Pepper Hamilton Sanctioned for Court Violations in Baylor Assault Case
The court found evidence that law firm Pepper Hamilton ignored a subpoena to produce records from the lawsuit against Baylor University.
A federal judge in Texas sanctioned a Philadelphia-based law firm for knowingly violating court orders and ignoring a subpoena.
The firm was supposed to comply with a discovery request by producing documents from the 15 women who filed a lawsuit against Baylor University, reports WBAP.
On Friday, Pepper Hamilton was ordered by U.S. District Judge Robert Pitman to pay fees and expenses sustained by women’s attorneys. The plaintiffs have until Aug. 20 to submit evidence of their expenses and fees, which will determine the amount of the sanction.
Pitman said he had warned the firm against “ill-advised” decisions to ignore court orders.
“The evidence of Pepper Hamilton’s conduct in violation of the court’s orders is so ‘clear, direct, weighty and convincing’ that the court reaches this conclusion with clear conviction and without hesitancy,” Pitman said.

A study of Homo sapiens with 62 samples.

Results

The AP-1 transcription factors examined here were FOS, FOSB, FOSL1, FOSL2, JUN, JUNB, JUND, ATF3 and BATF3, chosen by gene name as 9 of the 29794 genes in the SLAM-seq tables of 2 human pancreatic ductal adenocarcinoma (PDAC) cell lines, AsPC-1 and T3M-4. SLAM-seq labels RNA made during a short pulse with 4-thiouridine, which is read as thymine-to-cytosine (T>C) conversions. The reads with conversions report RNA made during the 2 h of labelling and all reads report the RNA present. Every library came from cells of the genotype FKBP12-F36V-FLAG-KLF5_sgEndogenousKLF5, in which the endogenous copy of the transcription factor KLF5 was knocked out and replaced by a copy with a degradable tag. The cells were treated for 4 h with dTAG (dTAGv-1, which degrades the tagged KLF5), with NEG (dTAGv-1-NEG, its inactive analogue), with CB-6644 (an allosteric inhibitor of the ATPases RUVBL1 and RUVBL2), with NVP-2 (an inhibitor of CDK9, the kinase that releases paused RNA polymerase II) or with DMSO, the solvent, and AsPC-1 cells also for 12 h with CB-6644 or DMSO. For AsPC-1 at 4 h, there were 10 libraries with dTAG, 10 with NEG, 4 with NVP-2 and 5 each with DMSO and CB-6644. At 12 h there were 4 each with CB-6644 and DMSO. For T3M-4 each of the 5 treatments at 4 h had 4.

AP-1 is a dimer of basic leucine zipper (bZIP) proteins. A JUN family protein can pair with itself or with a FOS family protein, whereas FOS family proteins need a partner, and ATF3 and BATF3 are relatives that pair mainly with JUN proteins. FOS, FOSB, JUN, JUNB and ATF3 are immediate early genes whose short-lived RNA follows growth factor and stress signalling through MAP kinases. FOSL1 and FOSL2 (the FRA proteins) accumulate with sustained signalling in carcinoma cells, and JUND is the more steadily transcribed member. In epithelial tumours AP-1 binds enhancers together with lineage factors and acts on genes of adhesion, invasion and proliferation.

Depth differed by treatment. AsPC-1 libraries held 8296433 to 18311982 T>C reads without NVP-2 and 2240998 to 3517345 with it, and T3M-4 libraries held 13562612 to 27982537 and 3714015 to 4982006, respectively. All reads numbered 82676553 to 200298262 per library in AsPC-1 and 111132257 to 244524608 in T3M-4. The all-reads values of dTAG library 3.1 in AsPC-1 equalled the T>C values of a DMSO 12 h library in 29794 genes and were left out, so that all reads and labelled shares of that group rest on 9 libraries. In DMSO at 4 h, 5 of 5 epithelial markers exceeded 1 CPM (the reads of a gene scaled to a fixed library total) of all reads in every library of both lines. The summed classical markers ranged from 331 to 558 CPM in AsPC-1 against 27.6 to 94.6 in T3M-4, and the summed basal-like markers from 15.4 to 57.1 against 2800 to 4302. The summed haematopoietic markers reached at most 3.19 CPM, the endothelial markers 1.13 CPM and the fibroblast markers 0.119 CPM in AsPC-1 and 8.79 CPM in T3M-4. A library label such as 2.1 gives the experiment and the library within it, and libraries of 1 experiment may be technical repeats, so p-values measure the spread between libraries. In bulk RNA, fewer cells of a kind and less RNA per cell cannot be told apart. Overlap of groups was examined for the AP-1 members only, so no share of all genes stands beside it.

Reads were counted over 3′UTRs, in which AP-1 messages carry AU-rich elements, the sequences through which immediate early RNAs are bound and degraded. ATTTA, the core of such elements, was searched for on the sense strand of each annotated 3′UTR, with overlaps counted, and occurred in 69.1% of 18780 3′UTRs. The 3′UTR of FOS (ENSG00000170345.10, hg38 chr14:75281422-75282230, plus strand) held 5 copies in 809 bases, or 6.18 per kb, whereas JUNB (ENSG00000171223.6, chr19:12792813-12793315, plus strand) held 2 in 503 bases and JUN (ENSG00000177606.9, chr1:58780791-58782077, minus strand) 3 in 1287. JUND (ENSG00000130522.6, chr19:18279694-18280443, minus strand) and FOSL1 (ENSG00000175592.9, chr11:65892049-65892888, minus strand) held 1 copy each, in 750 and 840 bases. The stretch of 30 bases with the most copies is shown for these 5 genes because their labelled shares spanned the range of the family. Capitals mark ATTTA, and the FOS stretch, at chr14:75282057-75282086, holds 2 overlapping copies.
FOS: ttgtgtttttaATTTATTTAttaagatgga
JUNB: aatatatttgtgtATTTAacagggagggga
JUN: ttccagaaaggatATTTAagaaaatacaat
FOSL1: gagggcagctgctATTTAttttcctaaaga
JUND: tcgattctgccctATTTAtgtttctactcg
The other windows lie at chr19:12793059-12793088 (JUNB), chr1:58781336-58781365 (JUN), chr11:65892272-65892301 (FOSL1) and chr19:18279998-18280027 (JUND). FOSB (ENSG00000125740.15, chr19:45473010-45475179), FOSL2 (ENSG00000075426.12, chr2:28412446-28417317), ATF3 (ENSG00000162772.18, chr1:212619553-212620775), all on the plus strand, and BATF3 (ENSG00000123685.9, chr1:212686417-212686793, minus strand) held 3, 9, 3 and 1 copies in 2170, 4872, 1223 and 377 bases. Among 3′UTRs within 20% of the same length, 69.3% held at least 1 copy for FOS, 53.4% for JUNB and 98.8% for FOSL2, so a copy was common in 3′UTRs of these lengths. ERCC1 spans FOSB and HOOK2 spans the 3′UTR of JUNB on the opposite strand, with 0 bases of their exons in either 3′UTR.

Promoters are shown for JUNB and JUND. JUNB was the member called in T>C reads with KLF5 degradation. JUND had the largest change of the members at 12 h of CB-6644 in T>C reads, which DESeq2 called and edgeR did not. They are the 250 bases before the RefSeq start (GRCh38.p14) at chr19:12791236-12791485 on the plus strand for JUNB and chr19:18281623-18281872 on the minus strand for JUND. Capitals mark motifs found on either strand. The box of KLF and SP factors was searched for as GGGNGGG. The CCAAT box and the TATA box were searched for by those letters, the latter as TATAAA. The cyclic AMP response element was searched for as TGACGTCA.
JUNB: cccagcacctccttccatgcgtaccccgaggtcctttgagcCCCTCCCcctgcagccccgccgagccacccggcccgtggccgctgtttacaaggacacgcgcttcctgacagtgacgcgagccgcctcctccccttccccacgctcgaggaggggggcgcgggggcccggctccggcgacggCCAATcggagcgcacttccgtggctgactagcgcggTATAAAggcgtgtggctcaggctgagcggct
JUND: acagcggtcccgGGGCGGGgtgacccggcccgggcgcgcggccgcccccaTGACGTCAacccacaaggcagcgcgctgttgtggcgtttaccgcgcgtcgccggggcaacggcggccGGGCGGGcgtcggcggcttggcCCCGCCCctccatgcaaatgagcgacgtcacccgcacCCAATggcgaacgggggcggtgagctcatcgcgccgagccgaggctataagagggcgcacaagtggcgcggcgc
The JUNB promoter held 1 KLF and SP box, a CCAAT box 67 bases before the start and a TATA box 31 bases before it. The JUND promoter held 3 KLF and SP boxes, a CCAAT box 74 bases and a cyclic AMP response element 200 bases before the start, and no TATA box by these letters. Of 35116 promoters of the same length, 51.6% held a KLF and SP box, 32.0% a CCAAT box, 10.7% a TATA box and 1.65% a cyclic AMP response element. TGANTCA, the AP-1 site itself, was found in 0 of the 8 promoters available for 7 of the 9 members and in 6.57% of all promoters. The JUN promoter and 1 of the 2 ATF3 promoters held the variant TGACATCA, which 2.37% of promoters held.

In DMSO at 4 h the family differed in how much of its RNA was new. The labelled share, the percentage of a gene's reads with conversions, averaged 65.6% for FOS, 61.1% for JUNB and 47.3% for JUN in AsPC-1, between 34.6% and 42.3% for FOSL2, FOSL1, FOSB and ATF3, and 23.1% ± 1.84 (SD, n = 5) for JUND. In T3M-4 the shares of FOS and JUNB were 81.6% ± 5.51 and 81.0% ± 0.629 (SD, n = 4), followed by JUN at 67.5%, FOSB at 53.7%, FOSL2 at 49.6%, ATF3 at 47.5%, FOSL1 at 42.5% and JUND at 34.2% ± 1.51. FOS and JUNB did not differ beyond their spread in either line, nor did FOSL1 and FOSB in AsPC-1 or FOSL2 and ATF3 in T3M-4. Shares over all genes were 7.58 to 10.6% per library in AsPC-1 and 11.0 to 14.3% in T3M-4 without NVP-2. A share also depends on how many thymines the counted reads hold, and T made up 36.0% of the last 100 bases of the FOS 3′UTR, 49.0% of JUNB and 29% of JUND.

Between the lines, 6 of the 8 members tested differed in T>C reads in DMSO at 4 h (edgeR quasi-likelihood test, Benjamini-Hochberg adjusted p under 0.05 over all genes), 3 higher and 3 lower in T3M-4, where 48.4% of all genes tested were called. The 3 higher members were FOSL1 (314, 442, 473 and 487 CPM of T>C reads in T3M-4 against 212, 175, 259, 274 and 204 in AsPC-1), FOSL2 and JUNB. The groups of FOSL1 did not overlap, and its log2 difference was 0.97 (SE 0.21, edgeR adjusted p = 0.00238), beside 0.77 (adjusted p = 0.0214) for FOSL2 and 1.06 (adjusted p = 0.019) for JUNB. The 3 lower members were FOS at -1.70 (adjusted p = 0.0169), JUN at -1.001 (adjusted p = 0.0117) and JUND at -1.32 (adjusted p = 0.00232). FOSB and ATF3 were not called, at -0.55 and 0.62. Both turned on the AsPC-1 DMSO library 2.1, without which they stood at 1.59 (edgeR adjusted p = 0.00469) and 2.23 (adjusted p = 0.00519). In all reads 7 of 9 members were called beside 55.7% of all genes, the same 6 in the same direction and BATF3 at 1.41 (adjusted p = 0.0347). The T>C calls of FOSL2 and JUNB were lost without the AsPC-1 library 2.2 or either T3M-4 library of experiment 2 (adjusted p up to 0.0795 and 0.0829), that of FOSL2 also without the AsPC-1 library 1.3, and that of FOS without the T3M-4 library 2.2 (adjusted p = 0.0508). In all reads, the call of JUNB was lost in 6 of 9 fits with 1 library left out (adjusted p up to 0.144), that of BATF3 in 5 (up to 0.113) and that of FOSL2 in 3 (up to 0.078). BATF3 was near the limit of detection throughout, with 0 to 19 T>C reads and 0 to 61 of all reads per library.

According to the court, Pepper Hamilton failed to object to the discovery request on time and then missed an April 11 deadline to give up the records.
Baylor University hired Pepper Hamilton in 2015 to review how the school responded to allegations of sexual assault and Title IX violations filed by 15 women. The firm’s investigation found that school officials failed to cultivate a safe campus environment and the football program acted as if it were “above the rules”.
The court had requested Pepper Hamilton disclose the records that were sent in by the women for the investigation.
“It costs a lot of money to hide materials,” said Brazil & Dunn partner Chad Dunn, who represents the plaintiffs. He added that the plaintiffs had to file hundreds of pages of motions in the discovery fight.
“We’re at a stage in the case where it became necessary for the judge to closely supervise discovery. We’re pleased with the court’s order that it is going to see to it the rules are followed and all the documents and materials relevant to this case are turned over,” he said.
Pepper Hamilton commented that it would comply with the court’s orders.
“As a nonparty to this litigation, we believe we have fulfilled our legal and ethical obligations in transferring all files related to Baylor matters,” the statement said.